It is suspected that many young people living today will never reach the ripe old age of 105 years old if they have to follow the formula for longevity as set forth by Aunt Ellen J. Miller, who was born in slavery and now owns a 100 acre farm near Markham in Pittsylvania County. When asked to what she owed her long life she said in a clear steady voice, “My chile, I always worked hard, 'et lot of corn bread and fried meat and 'beyed the Lord.”
“Aunt Ellen,” as she is known to her friends and neighbors, which include many white people who come to hear her tell about the olden days, was born as a slave on the farm of John Easley, near Ringgold, who was the owner of 30 other slaves. She does not exactly know the date of her birth, but she recalls that she was 19 years old when General Lee surrendered [editor's note: the 1880 census gives her age as 30, making her birth year 1850 — but the census records are not always correct]. She relates that she was a house girl in the Easley home, but also did much work, weeding corn and tobacco, and during the [Civil W]ar days she was taught carding to make clothing for the Confederate soldiers.
Asked how she was treated by her owners, she told that she received good treatment because she was a good worker, but explained [that] she had seen some of the other slaves whipped.
During the war days Aunt Ellen recalls the hardships and said that she remembers [that] she never got a pair of shoes except at Christmas, and when they wore out, she went barefooted until Christmas again.
Her father was taken off to fire the boiler on a steam boat in the Confederate Navy, and she said Jim Scott from Pittsylvania was the commander of the boat. [Editor's note: I have not yet found records of a Confederate boat that matches this description; if anyone has information, please share it.]
When the war came to an end, Aunt Ellen stated that it was not long afterward that some ‘Yankee men' came to the Easley farm and told the slaves that they were free, and were no longer under ‘bondage of slavery.' She says [that] they were scared and did not know what to do. She stayed on through the crop season and that fall her aunt took her to Danville. In Danville, Aunt Ellen stated [that] she was hired to do housework for Dr. Billie Green and later Dr. William Boyd. Then her father came and she stated [that] he took her to the Witcher place near Markham, and at Christmas time of 1865 she married John Miller. They had eight children [Susan, Sarah, Louisa, John, Mary E., Bettie, Iverson, and Nannie], only two of whom are still living [as of 1949], Mrs. Nannie V. Clark, of Long Side, New York, and Iverson Miller who lives on the farm of his mother at Markham. There are 150 grandchildren, great grandchildren, and great, great grandchildren. Her husband died 39 years ago.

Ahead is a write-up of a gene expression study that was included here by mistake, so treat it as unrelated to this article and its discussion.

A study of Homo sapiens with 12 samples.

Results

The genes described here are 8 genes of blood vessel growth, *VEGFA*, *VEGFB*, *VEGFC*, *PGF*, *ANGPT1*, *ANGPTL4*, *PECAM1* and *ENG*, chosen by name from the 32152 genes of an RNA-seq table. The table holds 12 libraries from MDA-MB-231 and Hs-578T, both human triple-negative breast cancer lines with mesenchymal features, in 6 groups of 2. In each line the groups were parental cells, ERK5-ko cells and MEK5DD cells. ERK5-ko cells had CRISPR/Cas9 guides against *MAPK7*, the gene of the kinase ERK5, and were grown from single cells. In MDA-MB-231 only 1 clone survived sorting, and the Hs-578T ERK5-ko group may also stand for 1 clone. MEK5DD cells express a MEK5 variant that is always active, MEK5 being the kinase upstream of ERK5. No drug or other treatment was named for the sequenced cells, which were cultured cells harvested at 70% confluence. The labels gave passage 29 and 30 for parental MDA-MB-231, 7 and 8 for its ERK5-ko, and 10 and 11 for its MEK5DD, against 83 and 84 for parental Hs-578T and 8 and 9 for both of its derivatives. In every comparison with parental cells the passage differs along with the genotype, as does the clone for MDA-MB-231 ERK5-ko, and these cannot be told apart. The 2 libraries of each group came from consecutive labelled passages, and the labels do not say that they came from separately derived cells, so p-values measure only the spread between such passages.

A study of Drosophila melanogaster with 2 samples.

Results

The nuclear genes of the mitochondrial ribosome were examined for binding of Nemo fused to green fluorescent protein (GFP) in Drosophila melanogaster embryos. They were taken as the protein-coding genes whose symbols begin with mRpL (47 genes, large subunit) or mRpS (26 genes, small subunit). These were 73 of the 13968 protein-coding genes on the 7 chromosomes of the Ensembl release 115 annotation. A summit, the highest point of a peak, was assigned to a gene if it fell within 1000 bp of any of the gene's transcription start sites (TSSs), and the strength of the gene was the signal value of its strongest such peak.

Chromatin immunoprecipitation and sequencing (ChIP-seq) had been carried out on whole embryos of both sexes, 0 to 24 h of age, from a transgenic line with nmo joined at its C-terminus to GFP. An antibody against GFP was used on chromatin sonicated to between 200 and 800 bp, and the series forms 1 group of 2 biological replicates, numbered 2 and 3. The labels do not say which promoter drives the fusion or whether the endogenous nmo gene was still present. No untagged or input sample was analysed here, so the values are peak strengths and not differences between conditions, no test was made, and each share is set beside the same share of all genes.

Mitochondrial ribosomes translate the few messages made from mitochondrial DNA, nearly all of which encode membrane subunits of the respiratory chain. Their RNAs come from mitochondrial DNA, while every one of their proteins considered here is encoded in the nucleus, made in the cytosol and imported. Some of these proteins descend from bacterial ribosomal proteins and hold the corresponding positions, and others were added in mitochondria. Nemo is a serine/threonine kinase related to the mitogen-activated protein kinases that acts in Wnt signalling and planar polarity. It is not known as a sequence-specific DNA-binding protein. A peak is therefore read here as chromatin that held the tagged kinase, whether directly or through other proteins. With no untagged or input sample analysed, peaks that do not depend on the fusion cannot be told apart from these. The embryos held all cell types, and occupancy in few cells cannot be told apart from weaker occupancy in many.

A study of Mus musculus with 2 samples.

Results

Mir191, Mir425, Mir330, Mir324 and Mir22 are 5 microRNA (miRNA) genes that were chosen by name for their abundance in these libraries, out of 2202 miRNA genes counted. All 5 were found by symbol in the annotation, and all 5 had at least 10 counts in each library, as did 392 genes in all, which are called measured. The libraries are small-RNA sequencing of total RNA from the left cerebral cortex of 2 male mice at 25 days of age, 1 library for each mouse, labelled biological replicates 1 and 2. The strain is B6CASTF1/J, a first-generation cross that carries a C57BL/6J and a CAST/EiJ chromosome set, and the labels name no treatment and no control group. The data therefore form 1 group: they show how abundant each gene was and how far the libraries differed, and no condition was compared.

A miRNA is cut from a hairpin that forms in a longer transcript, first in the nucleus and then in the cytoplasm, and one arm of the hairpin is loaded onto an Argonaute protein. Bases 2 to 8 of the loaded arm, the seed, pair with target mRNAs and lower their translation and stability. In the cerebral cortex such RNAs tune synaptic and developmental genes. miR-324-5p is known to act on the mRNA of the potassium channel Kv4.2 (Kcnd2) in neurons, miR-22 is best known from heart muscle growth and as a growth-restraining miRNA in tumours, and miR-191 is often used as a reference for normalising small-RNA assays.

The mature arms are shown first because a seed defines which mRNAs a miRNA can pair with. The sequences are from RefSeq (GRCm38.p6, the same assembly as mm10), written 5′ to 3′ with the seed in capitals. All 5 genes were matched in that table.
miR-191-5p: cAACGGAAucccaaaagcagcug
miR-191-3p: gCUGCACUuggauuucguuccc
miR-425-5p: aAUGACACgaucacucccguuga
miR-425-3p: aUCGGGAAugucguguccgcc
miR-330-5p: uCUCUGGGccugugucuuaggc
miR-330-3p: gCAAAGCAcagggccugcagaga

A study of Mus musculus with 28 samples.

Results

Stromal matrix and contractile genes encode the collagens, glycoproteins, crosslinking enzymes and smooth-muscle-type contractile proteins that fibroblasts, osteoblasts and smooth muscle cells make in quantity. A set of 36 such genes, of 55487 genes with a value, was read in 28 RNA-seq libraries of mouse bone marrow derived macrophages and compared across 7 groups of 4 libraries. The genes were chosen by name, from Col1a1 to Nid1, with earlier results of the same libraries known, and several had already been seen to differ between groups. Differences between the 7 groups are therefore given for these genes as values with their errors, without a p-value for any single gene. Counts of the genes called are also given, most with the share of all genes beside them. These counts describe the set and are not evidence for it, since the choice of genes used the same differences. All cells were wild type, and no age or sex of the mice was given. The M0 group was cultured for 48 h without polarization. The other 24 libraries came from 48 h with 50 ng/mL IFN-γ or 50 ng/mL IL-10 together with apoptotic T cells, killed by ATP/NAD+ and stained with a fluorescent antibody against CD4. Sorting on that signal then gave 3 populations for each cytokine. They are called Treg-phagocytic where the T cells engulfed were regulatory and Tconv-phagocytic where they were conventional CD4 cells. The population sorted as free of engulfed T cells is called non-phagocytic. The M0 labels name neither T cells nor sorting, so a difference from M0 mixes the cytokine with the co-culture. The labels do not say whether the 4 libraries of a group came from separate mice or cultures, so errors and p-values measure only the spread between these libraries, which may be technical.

By the help of his wife and children before [her husband] died, he was able to by a 100 acre farm that formerly belonged to Will Petty and Nat Witcher. Aunt Ellen still lives alone in the neatly kept log cabin, and although her daughter-in-law, who lives only a short distance away, brings her meals she still insist[s] on working in the garden. She also tends her chickens, brings water from the spring and does some sewing. Her voice is clear and steady, she has a strong memory, does not use glasses when she sews, and has never dipped snuff.
Though she cannot read, she keeps a Bible close at hand, and often is seen fondly holding it and looking at the Lord's Word. For 70 years she has been a member of the Baptist Church and has attended services regularly even in the latter years.
Last week she was taken ill and the doctor put her to bed, but she still thinks about the time when she will get back to looking after her chickens and the other work around the house.
Clement: History of Pittsylvania County
Fitzgerald: Pittsylvania: Homes and People of the Past
Hurt: Eighteenth Century Landmarks of Pittsylvania County
Hurt: An Intimate History of the American Revolution in Pittsylvania County
Dodson: Footprints from the Old Survey Books
Byrd: Histories of the Dividing Line Betwixt Virginia and North Carolina
Melton: Pittsylvania's Eighteenth-Century Grist Mills
Melton: Pittsylvania's Nineteenth-Century Grist Mills
Melton: Thirty-Nine Lashes, Well Laid On
Melton: Pittsylvania County's Historic Courthouse
Jones: Tales About People in a Small Town
This article is posted by Mitchells Publications and the Sims-Mitchell House as part of an effort to document Pittsylvania County, Chatham, and Danville, Virginia.
Copyright © 1949–2005 The Pittsylvania Star and The Star-Tribune.